NYCFC is in many ways built on big names. There's worldwide stars such as David Villa and Andrea Pirlo. There's its manager, Euro- and World Cup-winning Patrick Vieira. There's its owner, City Football Group, which includes Manchester City under its umbrella. There's Argentine DP Maxi Moralez and rising star Jack Harrison, who just received a call-up to England's U-21 squad. The club plays in Yankee Stadium.
But as NYCFC looks ahead to the MLS playoffs, the club’s second postseason appearance in its three-year history, it can point to one of its lesser-heralded signings as one of the reasons for its success in 2017. Peruvian defender Alexander Callens played every single minute of the 34-match regular season, and his presence at the back has helped New York City concede 14 fewer goals this year than it did in 2016.
Callens has much praise for Vieira, and what he has done for this team throughout the season. The 41-year-old French manager instills a training environment where there are no favorites, and Callens says that when you arrive at training, your reputation means very little.
“When you come here and train, you have to show up as it was your first day,” the 25-year-old center back told SI.com. “You have to work everyday, you have to be a professional everyday, so one day, after all the hard work, Mr. Vieira places that faith in you. And once you get it, you do everything you can to stay there.”
His words resonate with reality as Callens, who since arriving at NYCFC in January from Numancia, in Spain’s second division, has been a fixture in the club's lineup since his arrival.
“He’s a really good character in the dressing room,” Vieira said earlier this month. “The players love him, he’s played all the games and as a team we’ve improved our defending because of Alex Ring, Alex Callens and Sean Johnson. They improved the stability of the team and Alex has been terrific.”
Not everything is going well for NYCFC, however, as the team is not entering the playoffs in the best of form. Vieira’s men ended the last seven matches of the season with just one win and face an energetic Columbus Crew, who outlasted Atlanta United in a dramatic knockout affair last week.
Emotions will be high on Tuesday evening for the first leg at Mapfre Stadium, given the recent development that the team may be relocating to Austin, Texas, in 2019. But Callens pays no mind to what is going on with his opposition.
“The most important thing is to worry about ourselves and to focus on the details during training. If we take care of what we need to take care of then we’ll be fine,” he says.
Having played in Spain for six years, Callens has a lot of praise of MLS. Sure, he states there are still plenty of areas that need improvement, but to disregard it as an inferior league is to ignore the level of talent that already exists.
“I think many people love to talk and criticize, but to really understand this league, you have to play in it. First learn what it’s like to play it, then you can compare it to something else.”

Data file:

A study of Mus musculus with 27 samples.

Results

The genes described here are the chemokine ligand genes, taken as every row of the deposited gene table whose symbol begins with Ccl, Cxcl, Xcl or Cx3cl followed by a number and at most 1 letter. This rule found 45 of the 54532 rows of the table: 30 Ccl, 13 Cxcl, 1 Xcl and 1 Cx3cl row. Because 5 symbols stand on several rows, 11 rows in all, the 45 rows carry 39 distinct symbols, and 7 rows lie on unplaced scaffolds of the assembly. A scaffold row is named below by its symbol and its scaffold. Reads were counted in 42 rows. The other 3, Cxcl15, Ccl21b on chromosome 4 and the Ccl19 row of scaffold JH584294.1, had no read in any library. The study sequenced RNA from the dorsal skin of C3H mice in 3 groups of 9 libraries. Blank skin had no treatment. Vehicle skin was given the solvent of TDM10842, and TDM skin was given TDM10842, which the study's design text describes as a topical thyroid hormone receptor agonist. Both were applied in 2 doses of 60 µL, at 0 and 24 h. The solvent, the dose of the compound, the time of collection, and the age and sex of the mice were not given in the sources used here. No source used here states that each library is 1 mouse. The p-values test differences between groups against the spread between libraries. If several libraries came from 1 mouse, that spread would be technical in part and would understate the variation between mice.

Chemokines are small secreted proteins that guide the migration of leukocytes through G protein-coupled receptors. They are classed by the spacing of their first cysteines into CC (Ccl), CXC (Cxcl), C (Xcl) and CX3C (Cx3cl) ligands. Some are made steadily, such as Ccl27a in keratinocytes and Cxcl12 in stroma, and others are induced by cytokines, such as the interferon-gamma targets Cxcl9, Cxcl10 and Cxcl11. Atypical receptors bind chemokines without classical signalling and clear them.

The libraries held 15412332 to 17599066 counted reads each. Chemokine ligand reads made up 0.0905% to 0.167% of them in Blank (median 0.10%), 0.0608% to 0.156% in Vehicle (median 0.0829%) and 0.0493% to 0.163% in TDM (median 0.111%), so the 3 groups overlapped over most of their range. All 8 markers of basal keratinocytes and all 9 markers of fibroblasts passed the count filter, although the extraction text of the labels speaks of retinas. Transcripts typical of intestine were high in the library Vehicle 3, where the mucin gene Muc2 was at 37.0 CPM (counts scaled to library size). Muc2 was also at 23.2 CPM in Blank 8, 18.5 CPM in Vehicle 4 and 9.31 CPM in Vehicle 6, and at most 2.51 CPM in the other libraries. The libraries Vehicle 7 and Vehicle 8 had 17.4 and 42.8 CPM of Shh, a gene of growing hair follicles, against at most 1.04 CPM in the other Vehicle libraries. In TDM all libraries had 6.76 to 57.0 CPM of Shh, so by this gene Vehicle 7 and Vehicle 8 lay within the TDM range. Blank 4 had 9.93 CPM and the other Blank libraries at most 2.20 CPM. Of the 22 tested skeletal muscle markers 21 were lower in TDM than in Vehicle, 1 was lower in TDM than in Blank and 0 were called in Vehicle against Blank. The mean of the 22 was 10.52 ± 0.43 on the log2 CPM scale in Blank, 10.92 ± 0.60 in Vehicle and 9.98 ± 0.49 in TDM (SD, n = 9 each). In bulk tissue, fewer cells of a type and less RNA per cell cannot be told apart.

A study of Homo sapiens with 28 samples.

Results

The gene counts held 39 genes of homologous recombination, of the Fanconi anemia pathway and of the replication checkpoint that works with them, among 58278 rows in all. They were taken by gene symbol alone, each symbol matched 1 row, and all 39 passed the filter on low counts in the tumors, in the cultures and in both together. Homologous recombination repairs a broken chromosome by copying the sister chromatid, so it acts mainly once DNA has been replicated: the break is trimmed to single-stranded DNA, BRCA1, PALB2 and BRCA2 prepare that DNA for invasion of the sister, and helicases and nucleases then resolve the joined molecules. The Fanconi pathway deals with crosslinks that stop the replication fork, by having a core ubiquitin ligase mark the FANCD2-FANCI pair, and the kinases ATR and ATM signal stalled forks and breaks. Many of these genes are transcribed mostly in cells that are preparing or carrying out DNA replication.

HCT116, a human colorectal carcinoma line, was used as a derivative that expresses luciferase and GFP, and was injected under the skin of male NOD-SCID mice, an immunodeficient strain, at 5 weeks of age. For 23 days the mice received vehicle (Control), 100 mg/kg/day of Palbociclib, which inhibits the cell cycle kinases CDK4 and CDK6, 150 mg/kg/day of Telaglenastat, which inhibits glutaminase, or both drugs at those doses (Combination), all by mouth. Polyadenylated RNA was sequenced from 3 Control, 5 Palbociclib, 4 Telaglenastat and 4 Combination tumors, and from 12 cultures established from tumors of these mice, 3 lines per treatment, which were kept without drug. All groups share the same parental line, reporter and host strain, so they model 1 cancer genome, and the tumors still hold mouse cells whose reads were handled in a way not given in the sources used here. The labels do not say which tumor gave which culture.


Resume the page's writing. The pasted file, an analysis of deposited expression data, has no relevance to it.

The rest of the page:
The Peruvian is also happy to see other countrymen in the league, as this year MLS also welcomed the arrival of Yordy Reyna and Yoshimar Yotún who arrived at Vancouver and Orlando, respectively.
“To me, more Peruvians in the league can only be a good thing as the whole world can see that we belong and can be respected as international players. I talk to them all the time and am so happy they are also here in the United States.”
Thanks to the hard work of head coach Ricardo Gareca, the country’s reputation has undoubtedly increased in recent months, as thanks to a fifth-place finish in CONMEBOL's World Cup qualifiers, La Blanquirroja are preparing for an intercontinental two-legged World Cup playoff series against New Zealand. It’s an incredible achievement and opportunity for a country who had to fight for a playoff spot in what is arguably the hardest qualifying group in the world, and it's on the cusp of its first World Cup since 1982.
But it’s bittersweet for Callens as he hasn’t been part of the national team setup since being called in Peru’s preliminary roster for last year’s Copa América Centenario.
“I’ll be honest, in the beginning of this year not being selected really affected me. I questioned myself asking, ‘Do I need to change something or improve my game in some way?’ So I kept questioning myself. But in the end I left that kind of thinking behind and only focus on my club. He (Gareca) never gave me a reason why I’m not selected, but I have to be realistic and respect the fact that certain coaches have certain preferences and the other guys are playing really well so if he didn’t select me now, he’s probably never going to do it.”
Callens is very matter of fact when he talks of Peru and totally understands Gareca’s decision making. There are no complaints coming from him. If anything, you can’t argue with results and the added fact that the central defensive position for Peru is very deep, with Christian Ramos and Alberto Rodriguez solidifying the starting roles, backed by the fact that Gareca is leaning more towards young players who play domestically, such as Miguel Araujo and Luis Abram. But the truth is that Callens, at 25, can still make an impression on the Argentine coach, and if Peru does beat New Zealand, Callens could yet work his way into World Cup contention.
For now, Callens’s attention is fully on helping NYCFC reach its first MLS Cup final and the chance to play for the trophy. Perhaps then, his name will be even more well-known, both at home and abroad.
“The best teams in the league are in the playoffs so the key difference between winning and losing will be the small details. So all we need to do is minimize the errors and play the way we know how to play. We’ve maintained a good rhythm all season and the fact that we ended second in the conference justifies that.”